Too much autonomy in education can exacerbate inequality between segments of society, and could lead to schools looking after their own interests without serving the needs of the society, said an educationist.
Asia Pacific Schools CEO Nina Adlan Disney said based on the Programme for International Student Assessment (Pisa) scores, there was clearly a correlation between countries with high autonomy and Pisa scores.
“For instance, people say that in Finland, there is no national curriculum, teachers can do what they want, which is fine in the Finnish context, because they have a teaching profession which is highly driven, motivated and highly capable.
“I think if you give the same degree of autonomy to Malaysian government schools, it is not going to work, unless you really have the passion and capability to use that freedom in a positive way.
“Autonomy can exacerbate inequality,” she told the forum “A Peek Into Private Schools in Malaysia – are they really better than government schools?” organised by the Institute for Democracy and Economic Affairs (Ideas) in Kuala Lumpur, yesterday.
Asia Pacific Schools CEO Nina Adlan Disney says giving schools more autonomy won’t work in Malaysia’s very fragmented education system. – The Malaysian Insider pic by Ahmad Muslim, October 25, 2015.Asia Pacific Schools CEO Nina Adlan Disney says giving schools more autonomy won’t work in Malaysia’s very fragmented education system. – The Malaysian Insider pic by Ahmad Muslim, October 25, 2015.Private education is increasingly popular in Malaysia for those who can afford it amid concerns that the standard of public schools is declining.
According to Nina, private schools used three areas of autonomy – funding, staffing and delivery method – to improve their quality of education.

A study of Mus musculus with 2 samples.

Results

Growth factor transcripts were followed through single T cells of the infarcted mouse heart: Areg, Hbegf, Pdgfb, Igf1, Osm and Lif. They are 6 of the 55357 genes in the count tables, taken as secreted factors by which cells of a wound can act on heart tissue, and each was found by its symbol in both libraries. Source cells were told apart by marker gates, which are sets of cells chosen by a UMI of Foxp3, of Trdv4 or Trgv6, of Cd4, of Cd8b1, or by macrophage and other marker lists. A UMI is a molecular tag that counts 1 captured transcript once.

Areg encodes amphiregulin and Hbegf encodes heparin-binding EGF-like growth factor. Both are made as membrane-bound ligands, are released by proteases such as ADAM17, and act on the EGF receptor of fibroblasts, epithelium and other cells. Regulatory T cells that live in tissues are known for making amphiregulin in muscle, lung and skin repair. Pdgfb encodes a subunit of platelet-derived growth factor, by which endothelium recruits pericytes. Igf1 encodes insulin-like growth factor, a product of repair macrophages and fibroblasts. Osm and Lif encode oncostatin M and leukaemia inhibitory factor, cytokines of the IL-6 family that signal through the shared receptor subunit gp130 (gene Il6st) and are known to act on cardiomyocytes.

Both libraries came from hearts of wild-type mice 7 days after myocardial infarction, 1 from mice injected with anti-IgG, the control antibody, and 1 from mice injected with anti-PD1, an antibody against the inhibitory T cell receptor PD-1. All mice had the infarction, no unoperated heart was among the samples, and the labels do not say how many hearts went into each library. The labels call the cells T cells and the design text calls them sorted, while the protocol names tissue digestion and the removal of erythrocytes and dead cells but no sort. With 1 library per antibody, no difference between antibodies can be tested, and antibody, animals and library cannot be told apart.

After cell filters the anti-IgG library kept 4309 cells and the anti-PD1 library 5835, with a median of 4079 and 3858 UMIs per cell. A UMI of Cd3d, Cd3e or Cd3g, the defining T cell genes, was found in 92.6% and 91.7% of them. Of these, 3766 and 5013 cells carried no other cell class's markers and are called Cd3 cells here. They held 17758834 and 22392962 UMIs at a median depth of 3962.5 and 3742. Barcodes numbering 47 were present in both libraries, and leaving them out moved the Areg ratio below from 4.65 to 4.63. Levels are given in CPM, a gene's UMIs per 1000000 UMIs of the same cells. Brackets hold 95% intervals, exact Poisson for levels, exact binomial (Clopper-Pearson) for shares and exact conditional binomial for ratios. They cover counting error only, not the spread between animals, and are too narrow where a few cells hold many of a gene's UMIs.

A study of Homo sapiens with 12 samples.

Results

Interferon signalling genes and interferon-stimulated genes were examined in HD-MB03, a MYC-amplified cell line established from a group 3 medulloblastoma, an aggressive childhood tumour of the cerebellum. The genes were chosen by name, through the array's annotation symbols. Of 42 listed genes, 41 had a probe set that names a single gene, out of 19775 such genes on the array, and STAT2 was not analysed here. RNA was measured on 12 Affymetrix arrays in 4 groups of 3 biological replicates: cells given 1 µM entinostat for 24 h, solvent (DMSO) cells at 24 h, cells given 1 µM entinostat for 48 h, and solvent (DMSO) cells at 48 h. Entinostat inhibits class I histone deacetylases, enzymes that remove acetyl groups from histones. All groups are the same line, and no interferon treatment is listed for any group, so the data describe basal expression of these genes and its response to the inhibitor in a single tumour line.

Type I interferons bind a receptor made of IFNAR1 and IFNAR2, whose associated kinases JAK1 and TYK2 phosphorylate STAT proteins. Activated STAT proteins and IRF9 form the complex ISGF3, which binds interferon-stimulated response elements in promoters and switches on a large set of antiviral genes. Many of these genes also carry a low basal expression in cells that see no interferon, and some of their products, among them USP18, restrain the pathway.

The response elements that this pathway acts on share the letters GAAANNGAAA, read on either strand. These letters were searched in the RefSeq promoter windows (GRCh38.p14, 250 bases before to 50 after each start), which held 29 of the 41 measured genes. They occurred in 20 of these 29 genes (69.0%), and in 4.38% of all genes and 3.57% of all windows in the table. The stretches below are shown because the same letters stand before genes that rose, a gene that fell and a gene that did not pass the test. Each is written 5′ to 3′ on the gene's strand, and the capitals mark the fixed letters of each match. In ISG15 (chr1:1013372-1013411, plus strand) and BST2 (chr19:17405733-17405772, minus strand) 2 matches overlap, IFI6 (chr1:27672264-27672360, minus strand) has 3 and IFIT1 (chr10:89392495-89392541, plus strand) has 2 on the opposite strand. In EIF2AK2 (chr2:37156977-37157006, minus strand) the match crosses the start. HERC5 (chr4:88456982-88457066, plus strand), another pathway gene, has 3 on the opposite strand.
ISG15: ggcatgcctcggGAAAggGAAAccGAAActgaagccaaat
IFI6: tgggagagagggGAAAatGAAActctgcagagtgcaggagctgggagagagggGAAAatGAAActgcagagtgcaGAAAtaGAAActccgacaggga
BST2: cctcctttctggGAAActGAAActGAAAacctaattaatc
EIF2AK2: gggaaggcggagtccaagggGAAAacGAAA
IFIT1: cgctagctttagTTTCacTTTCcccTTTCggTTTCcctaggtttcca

But she added that autonomy by itself could not produce high achievement and as such, cannot be a standalone policy.
“Just because you give schools the freedom to do what they want does not mean they are going to improve.
“It must be in the context of using that autonomy to drive teaching and learning and enhance operational efficiency,” she added.
As such, Nina said if the country’s vision was to level the playing field and make education opportunities more even, autonomy alone would not achieve that as the different types of schools would do what they want within their own context.
“If you give autonomy to certain schools, they are only going to have their own agenda, and serve their own community, their own parents.
“They are going to go along with their own priorities.
“That is what is happening in Malaysia, to a certain extent. There are private schools, vernacular schools, international schools and each of these systems is working for their own interest.
“It’s very difficult to see the bigger picture, and why should they as they are only serving their community,” she added.
She said a fragmented system would gave rise to chauvinism within the different groups, where there was a tendency for Chinese chauvinism and Islamic chauvinism, given the different types of schools that existed.
“Ironically, the greatest mix is in private and international schools, but that again is among the middle income who are happy to mix, but in other segments of society, there is very little integration.
“We need to address this as a key issue to move society forward,” Nina said.
Another speaker, Iman Research director Altaf Deviyati (pic, left), supported the concept of decentralisation, arguing that education in Malaysia was too federal-centric.
“But that does not mean you throw everything to the school and just leave it be.
“You need to get roles at the state level, we found that schools that tend to have bigger participation from the immediate community, for instance when the teachers are from their own community, this has an important influence on how a child learns.
“Decentralisation is not the key to everything, but it’s a step to take more ownership,” she added. – October 25, 2015.